Pennsylvania’s new attorney general is set to name a special prosecutor in the coming days to investigate Gov. Tom Corbett’s handling of the case, specifically why nearly three years elapsed before criminal charges were brought, The New York Times reports.
Attorney General Kathleen Kane, a Democrat elected in November, confirmed her plans in an interview here. She suggested that when he was attorney general Mr. Corbett, a Republican, slow-walked the investigation of a longtime football coach at the center of the scandal while campaigning for governor.
Mr. Corbett, who was elected in 2010, has flatly rejected the suggestion that he delayed the case.
But polls show that a majority of Pennsylvania voters are critical of his handling of the investigation, and Ms. Kane’s inquiry is likely to cast a shadow over his bid for a second term in 2014.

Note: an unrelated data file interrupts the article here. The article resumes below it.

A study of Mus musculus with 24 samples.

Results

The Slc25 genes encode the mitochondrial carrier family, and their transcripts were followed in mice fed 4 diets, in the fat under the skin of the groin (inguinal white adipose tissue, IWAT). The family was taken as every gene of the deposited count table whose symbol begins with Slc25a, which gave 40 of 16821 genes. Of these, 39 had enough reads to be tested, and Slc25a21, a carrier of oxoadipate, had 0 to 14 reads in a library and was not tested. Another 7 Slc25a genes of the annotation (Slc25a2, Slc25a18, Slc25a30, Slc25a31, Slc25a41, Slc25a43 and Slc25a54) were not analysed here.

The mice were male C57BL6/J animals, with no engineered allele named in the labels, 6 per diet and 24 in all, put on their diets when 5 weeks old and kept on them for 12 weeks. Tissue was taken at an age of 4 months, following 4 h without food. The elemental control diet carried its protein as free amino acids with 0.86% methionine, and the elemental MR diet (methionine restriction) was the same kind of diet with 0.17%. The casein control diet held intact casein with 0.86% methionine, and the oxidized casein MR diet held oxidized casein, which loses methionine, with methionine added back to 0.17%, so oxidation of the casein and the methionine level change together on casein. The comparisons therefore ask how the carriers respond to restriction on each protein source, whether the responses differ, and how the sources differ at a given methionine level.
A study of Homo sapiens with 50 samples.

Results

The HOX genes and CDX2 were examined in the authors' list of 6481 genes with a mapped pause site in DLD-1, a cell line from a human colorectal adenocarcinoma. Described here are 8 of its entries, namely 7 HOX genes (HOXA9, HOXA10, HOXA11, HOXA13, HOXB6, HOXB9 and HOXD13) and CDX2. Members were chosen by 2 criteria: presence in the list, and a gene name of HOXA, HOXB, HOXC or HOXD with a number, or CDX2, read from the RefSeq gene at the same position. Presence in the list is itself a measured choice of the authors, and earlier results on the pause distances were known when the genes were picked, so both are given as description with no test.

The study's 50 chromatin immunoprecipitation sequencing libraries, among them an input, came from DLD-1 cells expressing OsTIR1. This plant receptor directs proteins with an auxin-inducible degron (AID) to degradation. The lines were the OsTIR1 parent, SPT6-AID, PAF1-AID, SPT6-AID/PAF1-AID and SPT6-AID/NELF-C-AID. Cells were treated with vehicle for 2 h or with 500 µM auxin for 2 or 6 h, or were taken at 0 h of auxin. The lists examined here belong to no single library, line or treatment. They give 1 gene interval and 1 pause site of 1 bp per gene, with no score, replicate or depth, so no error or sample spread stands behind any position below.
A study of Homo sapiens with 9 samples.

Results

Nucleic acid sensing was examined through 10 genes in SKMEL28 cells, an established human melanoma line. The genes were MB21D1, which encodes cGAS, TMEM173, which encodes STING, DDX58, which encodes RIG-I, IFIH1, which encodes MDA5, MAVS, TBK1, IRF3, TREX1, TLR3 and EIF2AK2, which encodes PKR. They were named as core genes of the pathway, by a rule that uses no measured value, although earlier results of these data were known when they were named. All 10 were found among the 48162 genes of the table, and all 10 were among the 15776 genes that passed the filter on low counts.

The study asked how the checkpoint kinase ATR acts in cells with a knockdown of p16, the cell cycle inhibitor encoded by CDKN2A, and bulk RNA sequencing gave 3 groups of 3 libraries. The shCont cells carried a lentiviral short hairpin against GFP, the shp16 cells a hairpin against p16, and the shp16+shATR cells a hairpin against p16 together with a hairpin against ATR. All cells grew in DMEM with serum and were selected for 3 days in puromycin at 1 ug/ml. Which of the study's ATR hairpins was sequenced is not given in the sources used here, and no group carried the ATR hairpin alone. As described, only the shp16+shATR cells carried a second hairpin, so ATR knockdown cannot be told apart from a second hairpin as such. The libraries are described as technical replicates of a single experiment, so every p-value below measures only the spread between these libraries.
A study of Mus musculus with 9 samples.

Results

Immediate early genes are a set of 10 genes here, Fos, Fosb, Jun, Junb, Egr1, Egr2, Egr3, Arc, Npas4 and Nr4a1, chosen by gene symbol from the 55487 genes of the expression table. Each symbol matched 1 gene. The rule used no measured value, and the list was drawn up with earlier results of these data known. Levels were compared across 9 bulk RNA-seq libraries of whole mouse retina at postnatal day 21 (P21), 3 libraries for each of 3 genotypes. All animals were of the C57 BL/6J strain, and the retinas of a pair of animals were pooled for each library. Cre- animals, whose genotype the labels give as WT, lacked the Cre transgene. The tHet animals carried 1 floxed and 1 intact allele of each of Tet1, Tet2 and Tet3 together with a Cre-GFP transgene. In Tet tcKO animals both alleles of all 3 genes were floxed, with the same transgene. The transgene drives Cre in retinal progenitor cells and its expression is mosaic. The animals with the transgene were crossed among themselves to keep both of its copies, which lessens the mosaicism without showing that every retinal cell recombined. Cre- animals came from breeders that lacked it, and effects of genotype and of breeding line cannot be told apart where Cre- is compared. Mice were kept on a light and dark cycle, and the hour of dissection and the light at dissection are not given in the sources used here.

Mr. Corbett, 63, recently returned to the Penn State matter, an unhealed wound for many Pennsylvanians even after the conviction last year of the former coach, Jerry Sandusky, for molesting eight boys. In early January, the governor brought a lawsuit to lift the stiff penalties imposed on Penn State by the National Collegiate Athletic Association as a result of the episode.
The suit seeks to rescind a $60 million fine, a four-year ban on postseason football games and the forfeit of 112 Penn State football victories over a dozen years. It was filed six months after Mr. Corbett called on Pennsylvanians to accept the punishment, and it was widely viewed as calculated to win support from the legions of alumni who bleed Penn State blue and white.